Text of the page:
About 800 Cases Filed against Catholic Church Statewide

By Gillian Flaccus
Mercury News
January 6, 2004

LOS ANGELES - About 800 people across California took advantage of a 12-month window last year to file molestation lawsuits against the Roman Catholic Church, according to lawyers for the plaintiffs, who say negotiations over the claims could yield one of the largest clergy abuse settlements in the nation's history.

The initial estimate came as the U.S. Conference of Catholic Bishops prepared Tuesday to announce how well its 195 dioceses have followed the church's two-year-old policy created in response to the clergy sex abuse scandal.

About 500 of the cases are against the Archdiocese of Los Angeles, the nation's largest, while another 175 are spread among the dioceses of Orange, San Diego and San Bernardino, said attorney Ray Boucher, whose office is handling filings for 320 plaintiffs in Southern California.

Boucher has said a settlement with the Archdiocese of Los Angeles could surpass the Archdiocese of Boston's $85 million settlement with alleged victims, which is currently the largest in the country.

In Northern California, about another 125 cases were filed.

In some cases, the dioceses aren't yet sure of the total number of lawsuits they face. At least one diocese was still being served with new lawsuits Monday, five days after the official filing deadline of Dec. 31. The Diocese of Monterey sent paralegals to a number of counties Monday to try to tally the lawsuits against it, a spokesman said.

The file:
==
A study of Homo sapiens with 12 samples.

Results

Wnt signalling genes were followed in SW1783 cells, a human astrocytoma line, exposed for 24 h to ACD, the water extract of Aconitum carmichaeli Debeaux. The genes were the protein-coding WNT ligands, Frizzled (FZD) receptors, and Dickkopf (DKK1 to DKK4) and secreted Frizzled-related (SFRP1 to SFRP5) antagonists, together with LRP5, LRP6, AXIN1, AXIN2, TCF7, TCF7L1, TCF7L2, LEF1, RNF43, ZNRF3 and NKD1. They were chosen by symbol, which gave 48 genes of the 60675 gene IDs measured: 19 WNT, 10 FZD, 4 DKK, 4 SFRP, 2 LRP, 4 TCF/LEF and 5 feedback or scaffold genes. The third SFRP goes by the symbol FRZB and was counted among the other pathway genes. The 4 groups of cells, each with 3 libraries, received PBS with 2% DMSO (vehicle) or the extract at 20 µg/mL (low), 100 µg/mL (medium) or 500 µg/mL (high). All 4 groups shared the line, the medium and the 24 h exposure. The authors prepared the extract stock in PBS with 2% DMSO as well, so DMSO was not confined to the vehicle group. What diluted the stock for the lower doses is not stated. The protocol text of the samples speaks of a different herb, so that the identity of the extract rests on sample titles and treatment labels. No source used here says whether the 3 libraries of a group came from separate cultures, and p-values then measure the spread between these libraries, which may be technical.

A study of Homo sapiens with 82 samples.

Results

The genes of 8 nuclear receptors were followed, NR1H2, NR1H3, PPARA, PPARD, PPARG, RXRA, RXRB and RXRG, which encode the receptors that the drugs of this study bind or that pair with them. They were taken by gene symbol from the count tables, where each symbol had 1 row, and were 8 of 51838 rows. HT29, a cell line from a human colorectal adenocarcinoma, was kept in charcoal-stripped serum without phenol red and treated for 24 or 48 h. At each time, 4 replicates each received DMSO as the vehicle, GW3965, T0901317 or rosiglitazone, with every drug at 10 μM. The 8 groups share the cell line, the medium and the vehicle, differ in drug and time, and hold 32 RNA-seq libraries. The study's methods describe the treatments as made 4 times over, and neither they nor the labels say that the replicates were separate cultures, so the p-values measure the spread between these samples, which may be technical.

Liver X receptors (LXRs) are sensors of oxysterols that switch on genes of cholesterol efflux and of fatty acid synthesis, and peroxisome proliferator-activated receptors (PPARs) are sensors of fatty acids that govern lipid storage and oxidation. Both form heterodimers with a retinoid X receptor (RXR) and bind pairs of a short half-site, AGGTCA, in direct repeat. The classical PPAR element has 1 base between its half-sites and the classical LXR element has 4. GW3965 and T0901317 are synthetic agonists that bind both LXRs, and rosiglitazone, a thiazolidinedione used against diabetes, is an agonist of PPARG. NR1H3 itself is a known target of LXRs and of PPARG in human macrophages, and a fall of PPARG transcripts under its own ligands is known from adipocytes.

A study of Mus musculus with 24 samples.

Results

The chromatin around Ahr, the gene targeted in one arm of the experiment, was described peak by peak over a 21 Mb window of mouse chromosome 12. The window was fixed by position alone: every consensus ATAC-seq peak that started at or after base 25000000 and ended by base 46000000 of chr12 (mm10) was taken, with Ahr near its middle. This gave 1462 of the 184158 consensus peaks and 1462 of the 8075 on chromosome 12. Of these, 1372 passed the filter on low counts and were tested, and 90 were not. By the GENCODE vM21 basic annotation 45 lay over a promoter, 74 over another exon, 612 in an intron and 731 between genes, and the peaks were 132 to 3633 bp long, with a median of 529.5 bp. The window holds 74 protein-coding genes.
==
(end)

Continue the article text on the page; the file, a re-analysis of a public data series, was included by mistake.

The Archdiocese of Los Angeles was still sorting through its cases, officials said.

"But we have a great desire to deal with these claims in mediation and try to reach a settlement for all claims involved," said Tod Tamberg, spokesman for the archdiocese.

The flood of litigation is the result of a California law that took effect Jan. 1, 2003, lifting for one year the statute of limitations for molestation lawsuits.

Previously, alleged victims could sue only until their 26th birthday or three years after a time they could show they discovered they had emotional problems linked to molestation.

Tamberg said many of the claims of sexual molestation brought against the church during the past year are "exaggerated,and some are demonstrably false."

The Conference planned to release the results of an audit Tuesday that will grade dioceses on how well they complied with articles agreed upon by bishops in 2002 at a meeting to address clergy abuse.

The audit was conducted by The Gavin Group, a Boston-based independent auditor hired by the bishops, over the course of six months.

Alleged victims called the audit a "whitewashed report" because investigators got most of their information from interviews with the bishops themselves.

Mary Grant, an alleged abuse victim and spokeswoman for the support group Survivors Network of those Abused by Priests, said it's unlikely bishops would be forthcoming with auditors while they are at the same time fighting in court to keep the personnel files of suspected abusers private.

"The bishops are making the rules ... and we've seen over and over again that when bishops make the rules they really aren't bound to follow them," she said. "It's almost like a public plea bargain."